Excessive force is still the standard for self-defense in an APO case

by Jamison Koehler on July 9, 2019
apo arrest graffiti

The standard for asserting self-defense in an assault case involving a police officer is still whether or not the police officer used excessive force during the arrest.  This is the holding from the first case to interpret the new statute on assaulting a police officer (APO):  Coleman v. United States, 194 A.3d 915 (D.C. 2018).

With the enactment of the Neighborhood Engagement Achieves Results (NEAR) Act in 2016, the D.C. Council made a number of changes to the APO statute.  For one thing, it pulled out the resisting arrest language and made that a separate statute.  For another, it increased the maximum penalty for APO from 180 days to 6 months.  Although this does not sound like much of a change (it increased the maximum sentence by only a couple of days), this was the difference between a bench trial and a jury trial:  Defendants charged with APO could now exercise their constitutional right to a trial by jury. 

The government prefers bench trials.  They are quicker and more predictable.  As a result, the government has been charging cases involving assault and a police officer as simple assault, not APO.  

Defense lawyers had been arguing that the government should not be able to have it both ways.  That is, the government should not be able to charge simple assault, thereby depriving the defendant of a jury, while still enjoying the special protections for police officers offered by the APO statute.  A defendant charged with simple assault in a case involving a police officer should be able to argue traditional self-defense (namely, that the defendant reasonably feared imminent bodily harm) as though the complainant was a civilian, not a police officer.  This is different from the limited right to self-defense that is available in APO cases that requires the defendant to prove that police used excessive force.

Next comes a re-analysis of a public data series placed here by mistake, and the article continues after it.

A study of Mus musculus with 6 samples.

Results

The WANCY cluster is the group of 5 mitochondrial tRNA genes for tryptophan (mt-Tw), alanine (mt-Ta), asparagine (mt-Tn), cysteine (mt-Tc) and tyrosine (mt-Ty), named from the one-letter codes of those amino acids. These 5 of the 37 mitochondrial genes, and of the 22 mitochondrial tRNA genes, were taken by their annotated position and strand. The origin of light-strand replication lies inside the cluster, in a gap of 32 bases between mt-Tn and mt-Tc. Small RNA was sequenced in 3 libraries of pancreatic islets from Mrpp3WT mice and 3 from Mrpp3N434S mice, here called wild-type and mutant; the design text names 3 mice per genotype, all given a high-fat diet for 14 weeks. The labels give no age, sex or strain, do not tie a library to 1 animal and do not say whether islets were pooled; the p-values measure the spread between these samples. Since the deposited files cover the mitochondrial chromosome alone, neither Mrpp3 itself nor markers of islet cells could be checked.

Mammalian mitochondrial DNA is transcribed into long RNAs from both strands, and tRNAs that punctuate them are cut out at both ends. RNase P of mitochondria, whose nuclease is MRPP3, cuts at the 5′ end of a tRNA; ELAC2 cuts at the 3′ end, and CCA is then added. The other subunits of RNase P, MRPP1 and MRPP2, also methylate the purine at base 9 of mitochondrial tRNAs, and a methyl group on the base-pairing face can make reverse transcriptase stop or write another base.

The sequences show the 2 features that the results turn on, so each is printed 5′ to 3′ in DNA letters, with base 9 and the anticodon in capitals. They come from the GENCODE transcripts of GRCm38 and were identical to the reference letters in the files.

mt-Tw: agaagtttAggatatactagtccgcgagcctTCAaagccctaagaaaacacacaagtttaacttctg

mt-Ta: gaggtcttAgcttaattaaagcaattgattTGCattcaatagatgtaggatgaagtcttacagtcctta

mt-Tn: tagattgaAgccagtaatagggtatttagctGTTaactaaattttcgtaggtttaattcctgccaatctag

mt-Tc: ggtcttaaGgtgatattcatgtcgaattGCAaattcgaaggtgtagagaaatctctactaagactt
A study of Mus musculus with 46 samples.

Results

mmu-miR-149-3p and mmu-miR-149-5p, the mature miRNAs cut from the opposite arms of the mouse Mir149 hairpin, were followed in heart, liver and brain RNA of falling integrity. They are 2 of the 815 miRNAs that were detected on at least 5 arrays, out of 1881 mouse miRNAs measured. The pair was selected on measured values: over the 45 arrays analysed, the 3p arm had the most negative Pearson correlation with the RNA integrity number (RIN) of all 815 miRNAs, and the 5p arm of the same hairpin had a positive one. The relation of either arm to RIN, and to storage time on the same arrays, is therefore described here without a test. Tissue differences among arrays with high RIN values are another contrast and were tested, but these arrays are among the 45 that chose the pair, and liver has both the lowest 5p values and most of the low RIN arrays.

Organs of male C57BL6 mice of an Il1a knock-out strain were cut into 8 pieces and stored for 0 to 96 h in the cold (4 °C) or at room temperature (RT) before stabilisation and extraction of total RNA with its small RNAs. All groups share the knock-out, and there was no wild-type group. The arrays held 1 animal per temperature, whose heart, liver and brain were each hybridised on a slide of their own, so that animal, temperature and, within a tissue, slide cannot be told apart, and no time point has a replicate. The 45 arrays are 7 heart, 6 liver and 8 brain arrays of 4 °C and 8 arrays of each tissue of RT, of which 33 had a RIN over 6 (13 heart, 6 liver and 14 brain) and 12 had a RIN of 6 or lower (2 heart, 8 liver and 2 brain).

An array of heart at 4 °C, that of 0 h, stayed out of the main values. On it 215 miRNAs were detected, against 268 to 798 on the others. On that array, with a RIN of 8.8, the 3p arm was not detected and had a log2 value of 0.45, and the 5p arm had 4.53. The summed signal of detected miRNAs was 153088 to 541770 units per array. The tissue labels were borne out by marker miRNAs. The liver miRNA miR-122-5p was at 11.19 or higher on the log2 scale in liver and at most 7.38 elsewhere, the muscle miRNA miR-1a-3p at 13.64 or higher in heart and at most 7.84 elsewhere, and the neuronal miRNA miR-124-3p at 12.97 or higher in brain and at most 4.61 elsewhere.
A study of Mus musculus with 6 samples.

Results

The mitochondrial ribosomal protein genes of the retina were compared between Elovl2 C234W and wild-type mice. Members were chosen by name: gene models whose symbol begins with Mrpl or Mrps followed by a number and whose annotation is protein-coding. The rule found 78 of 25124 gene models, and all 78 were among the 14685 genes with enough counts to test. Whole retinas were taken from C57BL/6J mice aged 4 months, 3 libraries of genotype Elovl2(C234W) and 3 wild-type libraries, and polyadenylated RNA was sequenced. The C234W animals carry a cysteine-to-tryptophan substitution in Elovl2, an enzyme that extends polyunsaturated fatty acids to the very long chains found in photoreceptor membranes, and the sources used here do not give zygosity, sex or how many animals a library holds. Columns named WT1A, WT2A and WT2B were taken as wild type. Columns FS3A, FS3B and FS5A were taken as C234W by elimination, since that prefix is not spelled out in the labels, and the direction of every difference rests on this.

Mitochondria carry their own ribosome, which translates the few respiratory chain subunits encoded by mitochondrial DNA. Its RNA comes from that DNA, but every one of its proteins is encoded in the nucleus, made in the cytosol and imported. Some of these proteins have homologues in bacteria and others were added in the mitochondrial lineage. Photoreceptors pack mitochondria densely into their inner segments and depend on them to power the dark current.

Not so, said the D.C. Court of Appeals in Coleman: “Neither the plain language of the Act nor the legislative history captured in the NEAR REPORT, discuss limiting the charging decisions of the government, or expanding the scope of a self-defense claim when a police officer is involved.  This court has long recognized that there is a limited right of self-defense when a citizen is engaged with a police officer and neither the facts of this case, nor the legislative history of the NEAR Act, support reconsideration of those standards.” A contrary decision, the Court held, would place police officers at greater risk “each time they approach a suspect” and impede their ability to make an arrest: “Because no one has a right to resist an arrest, regardless of that arrest’s lawfulness . . . , one who assaults a police officer is in a fundamentally different position than one who assaults a non-police officer.”